Cocaine dealer denied bid for shorter sentence

February 15, 1994|By Darren M. Allen | Darren M. Allen,Sun Staff Writer

Nearly 18 months after Taneytown cocaine dealer Fernando Hernandez tearfully begged for a reduction of his 14-year prison sentence, a Carroll Circuit judge has turned him down.

Judge Luke K. Burns Jr. said in an order signed Thursday and filed yesterday that Hernandez's sentence "hopefully would act as a deterrent to future cocaine dealers in Carroll County."

Hernandez, one of the first three people ever charged in Carroll under the state's drug kingpin law, asked Judge Burns during his September 1992 sentence-reduction hearing to consider what a 14-year sentence would do to his three young children and his former wife.

"I'm here today for your help and mercy," the Colombian national said at the hearing. "This has been a horrible punishment for me and my family. I know I did wrong, and I know I deserve punishment. I've changed after being in jail for nine months."

He compared his confinement in Hagerstown to being in a cage, and said that if he were allowed out of jail he would do "2,000 or 3,000 hours" of volunteer work to "encourage kids to set goals in their lives."

None of that mattered to Judge Burns, he wrote in his order.

"Mr. Hernandez and numerous other co-defendants were the subject of a major cocaine investigation. . . . Hernandez actually sold cocaine to an undercover Maryland state trooper.

"Had it not been for the outstanding police investigation in this case, there was a very real likelihood that this cocaine operation would have caused major problems in Carroll County."

Yesterday, Judith S. Stainbrook, Hernandez's attorney, said she wasn't surprised at the judge's decision. "I knew all along that he was probably going to deny it. This is such a harsh sentence, especially for a first offense," she said.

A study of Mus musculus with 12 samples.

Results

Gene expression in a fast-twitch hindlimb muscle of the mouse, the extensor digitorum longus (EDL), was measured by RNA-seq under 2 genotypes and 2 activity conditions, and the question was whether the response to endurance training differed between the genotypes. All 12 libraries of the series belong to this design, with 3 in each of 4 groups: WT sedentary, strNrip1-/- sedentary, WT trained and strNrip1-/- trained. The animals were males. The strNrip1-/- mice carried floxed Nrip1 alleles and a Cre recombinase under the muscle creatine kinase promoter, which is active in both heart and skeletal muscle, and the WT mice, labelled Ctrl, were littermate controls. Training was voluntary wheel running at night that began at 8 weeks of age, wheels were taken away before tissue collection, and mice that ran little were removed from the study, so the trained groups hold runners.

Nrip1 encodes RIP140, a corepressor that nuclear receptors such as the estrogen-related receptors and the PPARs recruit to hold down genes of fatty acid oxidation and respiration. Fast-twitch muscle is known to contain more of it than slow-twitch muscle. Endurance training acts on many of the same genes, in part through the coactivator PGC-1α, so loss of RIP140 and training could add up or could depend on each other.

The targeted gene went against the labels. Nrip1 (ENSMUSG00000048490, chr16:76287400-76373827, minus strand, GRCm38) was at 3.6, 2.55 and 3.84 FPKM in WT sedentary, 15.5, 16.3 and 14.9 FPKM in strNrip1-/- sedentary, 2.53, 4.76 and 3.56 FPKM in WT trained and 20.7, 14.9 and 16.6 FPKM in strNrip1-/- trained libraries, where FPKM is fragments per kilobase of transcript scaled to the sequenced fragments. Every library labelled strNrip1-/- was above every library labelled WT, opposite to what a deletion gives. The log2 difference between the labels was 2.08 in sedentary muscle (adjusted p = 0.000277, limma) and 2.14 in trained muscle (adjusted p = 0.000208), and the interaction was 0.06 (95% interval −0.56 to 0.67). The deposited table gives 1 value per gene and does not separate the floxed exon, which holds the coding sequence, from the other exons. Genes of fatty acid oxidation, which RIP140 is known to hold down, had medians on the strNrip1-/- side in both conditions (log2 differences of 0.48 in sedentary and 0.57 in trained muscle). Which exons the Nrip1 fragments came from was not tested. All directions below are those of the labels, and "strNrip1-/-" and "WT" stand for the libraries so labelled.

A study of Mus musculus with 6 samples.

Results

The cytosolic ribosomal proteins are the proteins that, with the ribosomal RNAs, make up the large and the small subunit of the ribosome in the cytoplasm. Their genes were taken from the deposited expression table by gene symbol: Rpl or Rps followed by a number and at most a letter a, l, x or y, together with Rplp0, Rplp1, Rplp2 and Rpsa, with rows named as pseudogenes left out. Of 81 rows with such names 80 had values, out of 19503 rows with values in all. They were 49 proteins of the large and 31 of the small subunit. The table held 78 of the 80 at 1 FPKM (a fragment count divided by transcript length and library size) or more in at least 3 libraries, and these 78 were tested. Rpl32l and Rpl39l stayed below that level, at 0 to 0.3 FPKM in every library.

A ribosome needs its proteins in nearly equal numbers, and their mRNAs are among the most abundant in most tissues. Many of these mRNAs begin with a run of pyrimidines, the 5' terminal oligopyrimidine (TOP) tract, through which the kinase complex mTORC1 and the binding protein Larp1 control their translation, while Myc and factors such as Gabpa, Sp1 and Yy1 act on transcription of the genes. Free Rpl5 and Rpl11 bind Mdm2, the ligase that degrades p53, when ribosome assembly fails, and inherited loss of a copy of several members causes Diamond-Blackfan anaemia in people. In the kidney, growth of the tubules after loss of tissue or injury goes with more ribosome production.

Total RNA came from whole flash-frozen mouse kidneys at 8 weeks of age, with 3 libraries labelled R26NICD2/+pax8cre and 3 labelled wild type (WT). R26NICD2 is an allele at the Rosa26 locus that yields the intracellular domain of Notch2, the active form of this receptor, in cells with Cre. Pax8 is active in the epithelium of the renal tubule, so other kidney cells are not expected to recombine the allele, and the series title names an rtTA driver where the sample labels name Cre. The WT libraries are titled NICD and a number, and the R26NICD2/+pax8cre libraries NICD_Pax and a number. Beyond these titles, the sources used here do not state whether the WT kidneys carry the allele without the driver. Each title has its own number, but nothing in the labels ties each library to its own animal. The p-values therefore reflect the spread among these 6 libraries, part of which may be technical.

Hernandez and his former wife, Bonnie, and his brother Henry, of Miami, were indicted by a county grand jury in January 1990 on charges tied to a Miami-to-Carroll cocaine ring.

As the case unfolded, none of the three was convicted under the law -- each entered into a plea agreement with prosecutors.

Fernando Hernandez pleaded guilty to charges of conspiracy to distribute cocaine and possession with intent to distribute cocaine. Although state guidelines called for a prison sentence of one to four years, Judge Burns imposed 14 years in December 1991.

Bonnie Hernandez pleaded guilty to a charge of conspiracy to distribute cocaine. She was placed on probation and, late last year, was granted a divorce from Fernando Hernandez.

Henry Hernandez pleaded guilty to a similar charge and was given a suspended 10-year sentence because of his cooperation with state and federal drug officials. He has since been deported to Colombia.

Assistant State's Attorney Barton F. Walker III argued against the sentence reduction in September. And, although he hadn't seen a copy of Judge Burns' order yesterday, he said that leaving the sentence intact was appropriate. "I'm very pleased with the decision," he said. "It's certainly appropriate considering the criminality of the defendant."